Yesterday evening we had dinner with friends.
Menu – Salad; White Bean and Whole Grain pasta soup from the MIND Diet (p. 208); homemade honey wheat bread; pumpkin bread for dessert
These days I get salad in a bag and cherry tomatoes in a package. Using two varieties from Del Monte – fresh spring mix and garden mix, I put that together with a fresh cucumber and some sliced onion arranged nicely on top with a sprinkle of Tillamook sharp cheddar cheese.
The MIND Diet cookbook has some very good recipes. I usually do not try new things out on guests but this recipe I had been wanting to try for sometime. As with all soup recipes it makes more than Cheryl and I could eat at one or two meals so I selected our dinner guests as guinea pigs. I wrote their comments in the cookbook pages above along with my modifications.
I do not have vegetable broth hanging out in my pantry. I usually use chicken or beef broth alone or in combination in various soups and stews. I do not know what rice consistency means so I took that to mean little pieces. I chopped it into very small pieces with my favorite knife.
I decided that this soup would go well with my own version of honey wheat bread. This bread I have made many times since I started baking in the late 1980’s. This is the general ingredient list that I have settled on over time:
- 2 cups of whole wheat flour
- 1/2 cup of honey
- 1/2 cup of unsalted butter
- 2 teaspoons of salt (I use sea salt)
- 2 cups of warm water
- 4 1/2 teaspoons of dry yeast (I use yeast in a jar.)
- enough bread flour to turn it into dough — typically 4 – 5 cups
Making bread for me is meditation. It matters little what is going on around me, I am focused on the bread. If anyone reading this has celiac disease, my heart goes out to you. I my mind there is nothing better than fresh bread, slightly warm, from the oven. And for me personally there is no more relaxing activity than making and baking bread.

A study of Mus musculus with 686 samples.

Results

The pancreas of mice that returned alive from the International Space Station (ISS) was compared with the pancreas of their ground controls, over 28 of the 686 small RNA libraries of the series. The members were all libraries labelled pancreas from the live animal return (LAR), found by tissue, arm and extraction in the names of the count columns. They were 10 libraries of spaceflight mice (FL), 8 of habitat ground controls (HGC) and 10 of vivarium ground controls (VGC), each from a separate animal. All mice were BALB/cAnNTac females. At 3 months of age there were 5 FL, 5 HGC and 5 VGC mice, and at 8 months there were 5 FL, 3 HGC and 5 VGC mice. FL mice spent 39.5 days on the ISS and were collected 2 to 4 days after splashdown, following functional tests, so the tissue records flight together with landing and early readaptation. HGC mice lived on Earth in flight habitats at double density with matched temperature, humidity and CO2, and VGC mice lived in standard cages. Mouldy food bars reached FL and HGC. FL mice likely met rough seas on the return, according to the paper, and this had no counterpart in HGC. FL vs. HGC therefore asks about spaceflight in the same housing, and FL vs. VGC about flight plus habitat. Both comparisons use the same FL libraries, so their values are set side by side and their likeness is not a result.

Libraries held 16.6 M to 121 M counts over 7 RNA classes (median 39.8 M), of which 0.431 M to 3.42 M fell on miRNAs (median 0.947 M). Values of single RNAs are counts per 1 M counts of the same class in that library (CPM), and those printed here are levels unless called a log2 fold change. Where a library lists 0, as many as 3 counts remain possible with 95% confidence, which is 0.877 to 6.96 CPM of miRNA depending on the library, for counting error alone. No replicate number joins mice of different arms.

I use a wonderful older model of KitchenAid mixer that I have had since 1980-something. It has a big stainless steel bowl and one cup of the whole wheat flour, the yeast and about 1/2 to 3/4 cup of water goes in the bowl first and is mixed. I let this rest and the yeast grow for about fifteen to twenty minutes. Bring a book. You will have time to get into the story. I put the butter, salt and the honey together with the rest of the water into the microwave for a bit to soften the butter. Do not let it get too hot (less than 120F).
After it looks fluffy in the bowl I used a paddle mixer to mix the rest until the paddle no longer works. I switch to a dough hook for the last mix. Dump in the rest of the whole wheat flour and the water-honey-butter-salt solution into the bowl with the mixer running on low. Add the white flour a cup or so at a time until the paddle is substituted for the dough hook. The dough will hang onto the hook and wipe the inside of the bowl clean. Stop adding flour and let the mixer run on two (2) for five more minutes.
Dump the dough out into a greased bowl. (I use lard but butter or Crisco will work.) Cover the bowl with plastic wrap and set in a warm place to rise until doubled. (I use my oven with the light on.) This takes about an hour. Afterward punch the dough down and turn it over in the bowl. Recover it and let it rise again. It will be faster this time about 20 – 30 minutes. After the second rise, dump it out onto the counter and split in two loaves. Put each into a greased bread pan (5×9 inch) and let rise again for ten minutes or so.
Preheat the oven to 375F. Bake the loaves 15 minutes at 375 and then change the temperature to 350F. Let bake for another 20 to 30 minutes until you like the color. I usually take the loaves out of the pans in the oven and let bake without a pan for the last five minutes or so. Let the loaves cool for about an hour before cutting. Heaven.
I have noticed that over time pumpkin is put into a 15.5 ounce can. No matter the recipe still works. She follows this recipe exactly. I had to make a special trip to the store for allspice. When I make pumpkin pie I do not use pumpkin pie spice. I used a combination of cinnamon, cloves and ginger I found in another cookbook, so, I did not know we were out.
Cheryl always makes a buttercream frosting for this before serving. And since we can we put whipped cream on top. Yum.
Our friends came over because Bill was recently diagnosed with Parkinson’s disease. It got me thinking about our situation and how lonely it felt at first when we started down this road. We met Bill and his wife at an informational lecture at Parkinson Community Fitness. I decided to take it upon myself to intrude upon Bill’s life and talk about it. I invited him and his wife to dinner.
It was a great time… but the conversation never drifted far from PD.